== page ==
Vitraclad vitreous enamel steel cladding produced by Vitrex in South Africa was specified for another railway station in the UK. The Boksburg-based company was contracted to supply - in three phases - over 2 000 sq m of Vitraclad heavy gauge panels for Network Rail's large-scaled redevelopment of one of the UK's busiest stations, Reading Station in Berkshire.
The initial phase of the contract had to be supplied and installed prior to the London 2012 Summer Olympic Games, and involved the production of custom-made cladding panels 1 450 mm wide, compared to the standard 1 200 mm width. The Vitraclad panels serve as soffit cladding over the tracks and platforms at Reading Station. The order also called for 210 mm diameter cut-outs in the panels to accommodate luminaires. The colour of the enamel, Slate Grey, was specifically developed for this project. The final phase of the contract was completed earlier this year.
Hochtief Construction UK and the Costain Group, in a Joint Venture, are handling the 850 million British Pounds Network Rail's Reading Station Area Regeneration (RSAR) programme that includes the upgrading of the historic station as well as remodelling of the track and signalling system to cater for predicted passenger numbers up to the year 2035. The work involves the reconstruction of the station platforms, provision of two new large station entrances, and a 30 m wide passenger transfer deck. On completion of the contract, Reading Station will have 15 platforms to serve "untangled" railway lines, improved speeds for the trains, as well as substantial reduction in delays.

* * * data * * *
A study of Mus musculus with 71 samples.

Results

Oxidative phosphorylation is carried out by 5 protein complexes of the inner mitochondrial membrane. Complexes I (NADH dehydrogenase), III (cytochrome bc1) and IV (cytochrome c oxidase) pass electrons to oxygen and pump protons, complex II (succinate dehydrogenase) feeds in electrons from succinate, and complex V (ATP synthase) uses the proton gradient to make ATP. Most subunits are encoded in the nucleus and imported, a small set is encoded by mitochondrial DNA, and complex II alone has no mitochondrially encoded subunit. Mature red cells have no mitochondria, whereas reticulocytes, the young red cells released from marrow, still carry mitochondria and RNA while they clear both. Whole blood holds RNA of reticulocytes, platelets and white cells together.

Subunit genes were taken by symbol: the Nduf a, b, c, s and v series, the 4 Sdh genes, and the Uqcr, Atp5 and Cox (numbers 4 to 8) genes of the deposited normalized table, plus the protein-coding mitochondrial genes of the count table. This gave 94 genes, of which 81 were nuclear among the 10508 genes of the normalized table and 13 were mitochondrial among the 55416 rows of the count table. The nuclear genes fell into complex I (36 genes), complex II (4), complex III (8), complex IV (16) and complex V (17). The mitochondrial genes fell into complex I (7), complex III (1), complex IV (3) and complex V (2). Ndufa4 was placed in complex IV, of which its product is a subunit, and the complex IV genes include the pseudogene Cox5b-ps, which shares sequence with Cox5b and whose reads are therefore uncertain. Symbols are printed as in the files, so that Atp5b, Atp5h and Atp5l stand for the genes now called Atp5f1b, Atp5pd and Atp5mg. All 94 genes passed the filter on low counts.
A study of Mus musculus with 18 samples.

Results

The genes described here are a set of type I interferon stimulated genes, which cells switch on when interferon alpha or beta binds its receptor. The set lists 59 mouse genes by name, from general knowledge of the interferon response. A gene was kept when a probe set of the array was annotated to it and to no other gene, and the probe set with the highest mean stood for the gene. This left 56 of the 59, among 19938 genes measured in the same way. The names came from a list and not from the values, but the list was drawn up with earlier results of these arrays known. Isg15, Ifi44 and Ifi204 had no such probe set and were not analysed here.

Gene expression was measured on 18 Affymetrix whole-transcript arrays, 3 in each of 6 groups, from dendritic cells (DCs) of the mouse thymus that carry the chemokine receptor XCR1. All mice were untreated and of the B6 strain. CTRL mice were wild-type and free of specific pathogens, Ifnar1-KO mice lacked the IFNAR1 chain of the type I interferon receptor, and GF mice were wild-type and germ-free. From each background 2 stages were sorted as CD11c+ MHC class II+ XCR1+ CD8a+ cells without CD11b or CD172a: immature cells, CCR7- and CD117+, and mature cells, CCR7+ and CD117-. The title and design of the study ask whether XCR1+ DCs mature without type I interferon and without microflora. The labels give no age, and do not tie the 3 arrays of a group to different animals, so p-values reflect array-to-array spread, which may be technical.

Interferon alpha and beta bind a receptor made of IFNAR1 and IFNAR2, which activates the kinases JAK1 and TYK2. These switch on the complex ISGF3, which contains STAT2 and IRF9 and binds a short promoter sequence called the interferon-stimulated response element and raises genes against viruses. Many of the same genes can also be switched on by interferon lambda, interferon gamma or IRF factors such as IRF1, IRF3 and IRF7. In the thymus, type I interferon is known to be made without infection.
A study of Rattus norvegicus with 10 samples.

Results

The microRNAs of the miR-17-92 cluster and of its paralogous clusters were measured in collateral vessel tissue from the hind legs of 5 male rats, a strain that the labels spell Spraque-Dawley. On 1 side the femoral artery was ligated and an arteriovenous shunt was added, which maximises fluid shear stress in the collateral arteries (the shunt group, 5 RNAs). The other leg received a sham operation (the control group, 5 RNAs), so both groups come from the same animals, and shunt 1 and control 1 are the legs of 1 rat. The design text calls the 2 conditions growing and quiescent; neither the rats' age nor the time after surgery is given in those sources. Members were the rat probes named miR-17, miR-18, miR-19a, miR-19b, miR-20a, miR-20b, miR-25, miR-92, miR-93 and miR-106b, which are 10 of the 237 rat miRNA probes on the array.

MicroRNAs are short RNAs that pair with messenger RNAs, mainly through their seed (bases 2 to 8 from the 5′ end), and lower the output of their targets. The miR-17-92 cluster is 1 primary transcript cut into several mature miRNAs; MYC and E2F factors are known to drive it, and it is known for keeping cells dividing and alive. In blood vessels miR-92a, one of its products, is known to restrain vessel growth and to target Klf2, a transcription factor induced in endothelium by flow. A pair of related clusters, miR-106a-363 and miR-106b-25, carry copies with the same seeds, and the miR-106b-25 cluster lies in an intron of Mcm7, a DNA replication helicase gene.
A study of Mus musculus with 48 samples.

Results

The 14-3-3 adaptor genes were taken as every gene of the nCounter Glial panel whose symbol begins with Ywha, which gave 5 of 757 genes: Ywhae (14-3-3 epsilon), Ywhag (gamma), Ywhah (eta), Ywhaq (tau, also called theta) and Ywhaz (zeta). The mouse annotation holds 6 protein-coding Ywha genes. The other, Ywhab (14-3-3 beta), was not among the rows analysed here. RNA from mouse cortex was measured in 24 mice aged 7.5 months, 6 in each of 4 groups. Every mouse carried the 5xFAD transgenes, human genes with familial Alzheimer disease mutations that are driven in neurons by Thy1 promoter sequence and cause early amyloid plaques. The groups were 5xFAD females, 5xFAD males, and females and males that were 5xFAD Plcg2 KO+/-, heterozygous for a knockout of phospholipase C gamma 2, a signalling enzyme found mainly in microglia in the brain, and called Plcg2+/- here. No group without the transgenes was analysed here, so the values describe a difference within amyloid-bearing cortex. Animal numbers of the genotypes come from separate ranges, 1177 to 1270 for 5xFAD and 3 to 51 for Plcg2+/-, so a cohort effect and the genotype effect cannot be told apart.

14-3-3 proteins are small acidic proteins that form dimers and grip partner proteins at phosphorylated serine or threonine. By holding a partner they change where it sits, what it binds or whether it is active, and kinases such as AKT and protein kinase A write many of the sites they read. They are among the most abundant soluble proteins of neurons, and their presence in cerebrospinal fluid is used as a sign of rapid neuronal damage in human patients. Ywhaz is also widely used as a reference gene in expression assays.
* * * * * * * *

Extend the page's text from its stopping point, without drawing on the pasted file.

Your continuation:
Internationally-renowned Grimshaw Architects specified Vitraclad in their design of the RSAR with the cladding installation handled by Astec Projects Limited. The Vitraclad order for Reading Station - which dates back to Victorian times - was secured by David Shepherd of Vitrex Europe & Middle East.
Vitrex's Vitraclad cladding has in recent years been exported for many UK contracts including London Underground stations as well as Irish Rail stations.
Vitraclad panels are produced by Vitrex at its Jet Park plant through the fusing of an inorganic coating consisting of glass, oxides and various minerals to sheet steel at temperatures of over 800 degrees Celsius.
The main rationale for specifying Vitraclad vitreous enamel steel cladding for Reading Station was the ease of cleaning of the enamel surface and resistance of the enamel surface to diesel emissions.